Stance: What to Do with Your Feet
How you stand depends on a few different things, such as your body type, your height, and the position of your head over your cue stick. While your arm is your aiming device for your cue stick, your legs and feet are your aiming device for your arm. So, ultimately, if you're standing crooked, your arm will want to go crooked as well. We know what that means … so will your cue stick.
The old saying that “if it feels comfortable, it's probably right” is a pool player's trap! Standing correctly might not necessarily mean feeling comfortable — at first — but don't despair, you're not doomed to a pool-playing life of discomfort. You'll get used to it. In fact, your comfort will actually increase over time as you become used to being properly balanced.
Since your stance is so important to your shot making, it would be a great idea to take a lesson from a certified instructor to help get your body properly aligned. Check out the Billiard Congress of America's website for a list of certified instructors in your area.
There are at least three key factors regarding your stance that you should pay attention to. First, the lower shooting arm should hang straight down from your elbow when the cue tip hits the cue ball. Use this as a guideline to help you determine where to place your back hand on the cue stick.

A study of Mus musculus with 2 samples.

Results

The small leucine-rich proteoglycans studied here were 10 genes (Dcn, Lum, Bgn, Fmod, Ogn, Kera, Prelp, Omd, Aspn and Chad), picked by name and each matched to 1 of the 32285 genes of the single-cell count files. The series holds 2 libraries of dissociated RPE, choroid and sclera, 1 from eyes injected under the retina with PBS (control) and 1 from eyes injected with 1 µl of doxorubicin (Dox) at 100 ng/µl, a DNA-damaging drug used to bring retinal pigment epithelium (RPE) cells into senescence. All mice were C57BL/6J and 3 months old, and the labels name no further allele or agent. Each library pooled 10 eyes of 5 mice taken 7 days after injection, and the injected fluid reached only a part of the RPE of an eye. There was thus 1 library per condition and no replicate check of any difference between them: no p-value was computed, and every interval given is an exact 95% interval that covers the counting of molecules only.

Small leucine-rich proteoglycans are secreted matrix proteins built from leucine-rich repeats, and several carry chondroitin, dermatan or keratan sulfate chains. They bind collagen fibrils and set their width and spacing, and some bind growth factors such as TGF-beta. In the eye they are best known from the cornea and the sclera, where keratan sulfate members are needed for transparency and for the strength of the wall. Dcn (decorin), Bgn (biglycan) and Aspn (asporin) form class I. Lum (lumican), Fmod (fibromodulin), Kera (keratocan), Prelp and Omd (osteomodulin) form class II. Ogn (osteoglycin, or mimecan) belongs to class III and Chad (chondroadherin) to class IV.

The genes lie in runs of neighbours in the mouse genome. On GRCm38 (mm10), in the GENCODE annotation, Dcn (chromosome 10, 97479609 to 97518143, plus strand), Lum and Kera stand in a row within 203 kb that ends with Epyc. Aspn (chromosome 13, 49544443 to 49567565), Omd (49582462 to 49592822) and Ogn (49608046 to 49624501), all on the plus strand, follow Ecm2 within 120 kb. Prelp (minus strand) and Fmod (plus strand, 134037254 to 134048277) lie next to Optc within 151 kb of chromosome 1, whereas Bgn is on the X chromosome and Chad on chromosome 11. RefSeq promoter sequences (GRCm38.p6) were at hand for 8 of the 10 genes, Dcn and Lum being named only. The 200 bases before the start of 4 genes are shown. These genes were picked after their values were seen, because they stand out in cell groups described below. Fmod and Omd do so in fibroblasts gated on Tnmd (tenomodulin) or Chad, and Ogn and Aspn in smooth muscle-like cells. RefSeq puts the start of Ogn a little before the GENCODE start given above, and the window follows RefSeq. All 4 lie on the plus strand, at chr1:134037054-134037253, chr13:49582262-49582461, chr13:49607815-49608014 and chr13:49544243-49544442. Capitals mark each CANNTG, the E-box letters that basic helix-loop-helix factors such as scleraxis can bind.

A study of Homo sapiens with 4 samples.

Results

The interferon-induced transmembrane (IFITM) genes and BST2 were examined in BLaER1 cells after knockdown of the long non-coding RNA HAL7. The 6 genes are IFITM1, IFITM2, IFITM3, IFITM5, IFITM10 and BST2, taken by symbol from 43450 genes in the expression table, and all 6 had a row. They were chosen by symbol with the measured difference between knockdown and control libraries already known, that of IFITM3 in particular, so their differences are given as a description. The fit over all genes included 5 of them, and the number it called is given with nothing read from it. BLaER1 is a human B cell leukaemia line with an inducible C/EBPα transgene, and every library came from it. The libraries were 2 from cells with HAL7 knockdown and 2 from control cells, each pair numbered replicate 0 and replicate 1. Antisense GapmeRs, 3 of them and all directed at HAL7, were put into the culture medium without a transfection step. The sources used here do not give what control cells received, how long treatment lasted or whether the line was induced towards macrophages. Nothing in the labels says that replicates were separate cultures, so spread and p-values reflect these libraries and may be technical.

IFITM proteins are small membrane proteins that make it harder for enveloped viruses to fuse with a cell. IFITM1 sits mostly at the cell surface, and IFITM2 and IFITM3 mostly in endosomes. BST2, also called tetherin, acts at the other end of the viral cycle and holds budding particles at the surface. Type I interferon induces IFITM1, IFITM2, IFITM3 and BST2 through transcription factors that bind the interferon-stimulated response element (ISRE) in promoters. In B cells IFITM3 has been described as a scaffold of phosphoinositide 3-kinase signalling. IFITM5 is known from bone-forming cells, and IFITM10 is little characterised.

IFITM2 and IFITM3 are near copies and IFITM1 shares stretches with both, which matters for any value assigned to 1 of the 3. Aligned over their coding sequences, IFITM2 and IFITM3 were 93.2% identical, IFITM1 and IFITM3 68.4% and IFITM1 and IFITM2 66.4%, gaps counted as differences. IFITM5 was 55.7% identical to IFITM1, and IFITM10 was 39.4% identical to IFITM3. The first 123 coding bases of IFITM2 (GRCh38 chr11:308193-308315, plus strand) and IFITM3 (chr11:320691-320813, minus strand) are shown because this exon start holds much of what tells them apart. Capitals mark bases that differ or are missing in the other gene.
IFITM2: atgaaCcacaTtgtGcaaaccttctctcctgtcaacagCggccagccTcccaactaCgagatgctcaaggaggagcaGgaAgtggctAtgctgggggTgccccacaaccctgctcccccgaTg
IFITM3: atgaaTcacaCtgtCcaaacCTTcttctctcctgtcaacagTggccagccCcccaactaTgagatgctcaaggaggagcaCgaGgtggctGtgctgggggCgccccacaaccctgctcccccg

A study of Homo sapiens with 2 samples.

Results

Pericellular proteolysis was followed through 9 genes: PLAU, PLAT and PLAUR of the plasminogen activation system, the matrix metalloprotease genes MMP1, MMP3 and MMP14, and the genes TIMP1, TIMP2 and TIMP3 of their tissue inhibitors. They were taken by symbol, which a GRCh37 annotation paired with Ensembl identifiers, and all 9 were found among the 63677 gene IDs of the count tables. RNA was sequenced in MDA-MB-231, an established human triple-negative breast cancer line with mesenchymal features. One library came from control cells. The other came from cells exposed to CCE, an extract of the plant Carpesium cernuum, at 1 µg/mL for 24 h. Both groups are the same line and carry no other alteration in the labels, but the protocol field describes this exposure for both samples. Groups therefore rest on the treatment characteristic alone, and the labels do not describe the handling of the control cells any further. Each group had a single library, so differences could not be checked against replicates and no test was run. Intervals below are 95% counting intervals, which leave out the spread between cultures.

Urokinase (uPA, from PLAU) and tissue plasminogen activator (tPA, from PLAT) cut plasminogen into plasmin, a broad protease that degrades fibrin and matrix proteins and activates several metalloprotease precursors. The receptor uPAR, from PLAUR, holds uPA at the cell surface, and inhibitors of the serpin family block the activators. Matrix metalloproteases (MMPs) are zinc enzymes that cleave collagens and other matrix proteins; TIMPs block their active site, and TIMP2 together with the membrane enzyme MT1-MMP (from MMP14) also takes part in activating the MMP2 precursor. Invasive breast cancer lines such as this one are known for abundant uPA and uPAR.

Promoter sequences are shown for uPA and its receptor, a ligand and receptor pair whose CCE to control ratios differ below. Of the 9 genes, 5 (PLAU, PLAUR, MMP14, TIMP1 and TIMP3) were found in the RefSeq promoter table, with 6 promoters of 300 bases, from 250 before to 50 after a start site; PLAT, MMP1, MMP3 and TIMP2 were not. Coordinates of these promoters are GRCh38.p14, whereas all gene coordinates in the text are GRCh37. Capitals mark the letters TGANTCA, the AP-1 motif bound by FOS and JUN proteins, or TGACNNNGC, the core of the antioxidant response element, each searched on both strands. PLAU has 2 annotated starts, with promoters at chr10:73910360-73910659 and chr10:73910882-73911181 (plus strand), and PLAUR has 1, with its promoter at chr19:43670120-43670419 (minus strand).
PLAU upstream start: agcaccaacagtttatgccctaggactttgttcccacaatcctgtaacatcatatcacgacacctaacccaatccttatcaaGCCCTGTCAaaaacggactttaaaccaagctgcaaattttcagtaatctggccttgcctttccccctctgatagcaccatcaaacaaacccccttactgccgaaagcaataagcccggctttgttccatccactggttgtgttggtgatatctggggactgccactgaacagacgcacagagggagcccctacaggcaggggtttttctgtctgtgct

If your back hand is too far back on the cue, then you'll have a very short backstroke with an unusually long follow-through; and if your back hand is too far up on the cue, as in “choked up,” you'll have too much backstroke and not enough follow-through.
Since there are no hard and fast rules about how you are allowed to stand during a game, other than you must have one foot on the floor at all times, you can get a little creative when the table doesn't accommodate a classic-style stance. You may find yourself putting one knee up on the table at certain times. That's perfectly fine. Just make sure that your right knee is under your right arm (if you're right-handed). This will help keep you properly aligned.
Next, position your right foot under your right hand (if you are right-handed) when you strike. Then position your left foot shoulder-width out and slightly in front of the right one, say about 6 inches to 1 foot in front.
And third, keep your bridge hand (the hand on the table holding the tip of the cue) and your back hand in a straight line with the path you intend the cue ball to travel. This is to ensure that your stick is aimed straight at the target and not coming in at an angle.
Correct body alignment is critical to your stroke.
Incorrect body alignment is most commonly seen in inexperienced players.